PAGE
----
Responding to a recent Levada poll, a representative group of Russian citizens chose as the most important historical figure Joseph Stalin with Vladimir Putin coming second. We can only suggest that those polled might want to look up and study another historical figure, Nicolas Chauvin, - the source of the word chauvinism – because of his unquestioning devotion to all things French, which he saw as embodied in Napoleon.

 

When things get difficult, the Kremlin powers begin looking around for some diversion to take the minds of Russia’s citizens off the issues at hand. We are approaching such a time with the truckers’ strike, the growing costs of supporting the Assad regime in Syria and the debacle in the Donbas. We can’t imagine what shiny object Putin and Co will choose for diversion this time but – never fear – there will be one.

 

 

Ushakov’s remarks reflect the failure of the Kremlin to understand the nature of the American political system. First, because Putin has dictatorial powers, the Kremlin leader and his staff tend to project that on others and expect that any new leader of the US will be able to radically change direction simply because he wants to.

 

Photo: Yury Ushakov, Russian Federation Ambassador to the United States, 1999-2008, now a close aide of Vladimir Putin

Russian President Vladimir Putin, front, attends a meeting with graduates of military and police academies in the Kremlin in Moscow, Russia, Wednesday, June 28, 2017.

 

War in Ukraine 2.0 2017/6/29 17:47:19

In June, Canadian defense and security expert Ihor Kozak (right) stands on the line of demarcation between Ukraine and the occupied territories outside of Kranohoroivka. Here he speaks with Serhiy Kuzan (center), a Ukrainian volunteer who specializes in the delivery of humanitarian aid to the war-torn regions of Ukraine, and a Ukrainian Special Forces commander (left). Credit: Ivan Bratsiun.   

 

Sgt. Matthew Councill, a member of the 45th Infantry Brigade Combat Team assigned to the Joint Multinational Training Group - Ukraine, listens as a Ukrainian soldier gives his team a mission brief before conducting section attack training at a Ukrainian base near Zhytomyr, Ukraine. U.S. Soldiers from the 45th Infantry Brigade Combat Team assigned to the Joint Multinational Training Group - Ukraine are working alongside Canadian troops to train Ukrainian noncommissioned officers in Zhytomyr before their battalion arrives at the Yavoriv Combat Training Center for a 55-day training rotation later this year. (Photo by Sgt. Anthony Jones, 45th Infantry Brigade Combat Team)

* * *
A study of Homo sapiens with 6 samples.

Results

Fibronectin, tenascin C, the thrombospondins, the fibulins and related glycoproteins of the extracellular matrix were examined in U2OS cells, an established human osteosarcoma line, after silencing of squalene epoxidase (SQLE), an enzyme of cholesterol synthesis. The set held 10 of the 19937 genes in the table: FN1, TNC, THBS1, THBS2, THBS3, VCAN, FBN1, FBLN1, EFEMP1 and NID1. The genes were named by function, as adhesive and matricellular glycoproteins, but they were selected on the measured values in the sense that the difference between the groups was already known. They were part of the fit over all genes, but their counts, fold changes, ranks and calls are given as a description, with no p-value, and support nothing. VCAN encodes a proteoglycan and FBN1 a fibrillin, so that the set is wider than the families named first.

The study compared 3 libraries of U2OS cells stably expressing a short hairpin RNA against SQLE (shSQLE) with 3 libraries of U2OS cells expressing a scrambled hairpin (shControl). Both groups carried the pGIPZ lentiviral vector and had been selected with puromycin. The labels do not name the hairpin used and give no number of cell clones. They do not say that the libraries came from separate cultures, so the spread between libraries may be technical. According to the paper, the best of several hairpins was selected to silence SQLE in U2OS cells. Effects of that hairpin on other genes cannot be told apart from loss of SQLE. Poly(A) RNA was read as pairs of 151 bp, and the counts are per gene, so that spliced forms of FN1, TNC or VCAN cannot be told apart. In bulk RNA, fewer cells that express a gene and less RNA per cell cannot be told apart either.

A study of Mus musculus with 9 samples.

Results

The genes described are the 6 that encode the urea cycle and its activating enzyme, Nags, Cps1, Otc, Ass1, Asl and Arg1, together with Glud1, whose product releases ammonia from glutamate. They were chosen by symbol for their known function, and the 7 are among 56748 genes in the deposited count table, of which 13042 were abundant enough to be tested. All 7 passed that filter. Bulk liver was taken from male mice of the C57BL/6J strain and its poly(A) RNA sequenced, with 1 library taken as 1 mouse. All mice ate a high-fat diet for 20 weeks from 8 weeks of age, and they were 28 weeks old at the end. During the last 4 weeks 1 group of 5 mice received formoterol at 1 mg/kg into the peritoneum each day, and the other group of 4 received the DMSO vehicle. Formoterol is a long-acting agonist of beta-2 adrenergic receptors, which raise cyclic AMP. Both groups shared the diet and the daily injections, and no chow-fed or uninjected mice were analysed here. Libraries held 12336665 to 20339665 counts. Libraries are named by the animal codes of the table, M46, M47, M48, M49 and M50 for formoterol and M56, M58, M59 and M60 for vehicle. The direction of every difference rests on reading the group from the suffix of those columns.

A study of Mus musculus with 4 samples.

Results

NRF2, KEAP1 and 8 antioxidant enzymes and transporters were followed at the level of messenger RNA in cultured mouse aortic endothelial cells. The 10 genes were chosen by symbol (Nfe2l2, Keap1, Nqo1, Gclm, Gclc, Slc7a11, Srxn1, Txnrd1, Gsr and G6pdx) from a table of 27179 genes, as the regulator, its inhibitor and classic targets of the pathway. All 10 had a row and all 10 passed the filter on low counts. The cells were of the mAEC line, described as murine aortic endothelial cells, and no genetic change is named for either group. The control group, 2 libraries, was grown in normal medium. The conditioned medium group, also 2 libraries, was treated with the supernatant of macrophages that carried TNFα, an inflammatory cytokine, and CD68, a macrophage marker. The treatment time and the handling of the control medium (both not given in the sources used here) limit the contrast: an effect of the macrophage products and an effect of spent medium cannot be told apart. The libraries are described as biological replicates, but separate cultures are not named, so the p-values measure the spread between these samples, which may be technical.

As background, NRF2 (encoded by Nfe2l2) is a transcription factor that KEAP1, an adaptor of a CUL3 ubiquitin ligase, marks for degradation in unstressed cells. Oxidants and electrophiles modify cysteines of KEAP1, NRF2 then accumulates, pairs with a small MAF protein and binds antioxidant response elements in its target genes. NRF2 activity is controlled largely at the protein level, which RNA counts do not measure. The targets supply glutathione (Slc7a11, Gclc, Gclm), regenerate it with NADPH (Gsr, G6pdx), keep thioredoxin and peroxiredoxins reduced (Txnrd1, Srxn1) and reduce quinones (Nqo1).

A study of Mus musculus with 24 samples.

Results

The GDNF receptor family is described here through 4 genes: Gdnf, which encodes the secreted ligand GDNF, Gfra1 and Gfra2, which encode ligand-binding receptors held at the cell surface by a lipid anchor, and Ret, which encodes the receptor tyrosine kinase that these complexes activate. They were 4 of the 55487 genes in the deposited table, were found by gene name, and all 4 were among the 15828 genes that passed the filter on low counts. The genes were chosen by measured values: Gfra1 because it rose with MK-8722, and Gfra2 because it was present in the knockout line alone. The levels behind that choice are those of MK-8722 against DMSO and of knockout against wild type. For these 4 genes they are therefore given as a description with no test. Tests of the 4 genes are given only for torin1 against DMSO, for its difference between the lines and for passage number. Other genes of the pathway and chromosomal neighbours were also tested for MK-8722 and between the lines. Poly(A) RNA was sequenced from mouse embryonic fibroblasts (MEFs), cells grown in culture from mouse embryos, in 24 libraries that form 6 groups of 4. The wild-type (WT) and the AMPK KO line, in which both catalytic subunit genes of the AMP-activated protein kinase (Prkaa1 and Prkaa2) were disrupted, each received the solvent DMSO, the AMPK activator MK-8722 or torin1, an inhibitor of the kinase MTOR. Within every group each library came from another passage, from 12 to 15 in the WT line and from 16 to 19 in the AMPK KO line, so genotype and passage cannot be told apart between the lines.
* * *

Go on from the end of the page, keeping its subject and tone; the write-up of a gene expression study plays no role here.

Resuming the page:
Periodically Vladimir Putin likes to remind his fellow citizens – and the world –that before he became Russia’s political Supremo he was a real, working spymaster in the KGB.  His most recent reminder of his KGB qualifications came just last week. Doing a bit of bragging about his success running networks of so-called illegals – in-place spies waiting for activation as needed – he hopes - will have a positive effect on the upcoming Russian presidential elections.

 

Photo: KGB recruiter Vladimir Putin, front left, in East Germany in the mid-1980s.

 

Just when you thought those bright lads in the Kremlin had done it all, they come up with a new scheme to make discovery of their dark deeds all the more difficult. A bill wending its way through the legislative process will soon make all of the financial holding of top state officials classified Top Secret.

 

Igor Tyzhkevich, an analyst at Kyiv’s Institute for the Future argues, Belarus is sufficiently well-protected that Ukrainians stop being nervous about the joint Russian-Belarusian Zapad 2017 exercises and instead recognize that if Kyiv had taken the same steps Minsk has, Moscow would have failed in Crimea and the Donbas.

Vladimir Putin may be the obvious symbol – and current main driver – of Russia’s obsession with regional hegemony in those areas where the Soviet Union previously held sway. Even if Putin disappeared today this paranoid fixation would continue since it was brainwashed into the collective psyche of Russians for decades. What this means in practical terms is that the citizens of Ukraine, Poland and others having the misfortune to share national boundaries with Russia have no choice but to maintain defense capabilities strong enough to convince Russia – and Russians – that pursuing this obsession will come at a cost too high to be paid.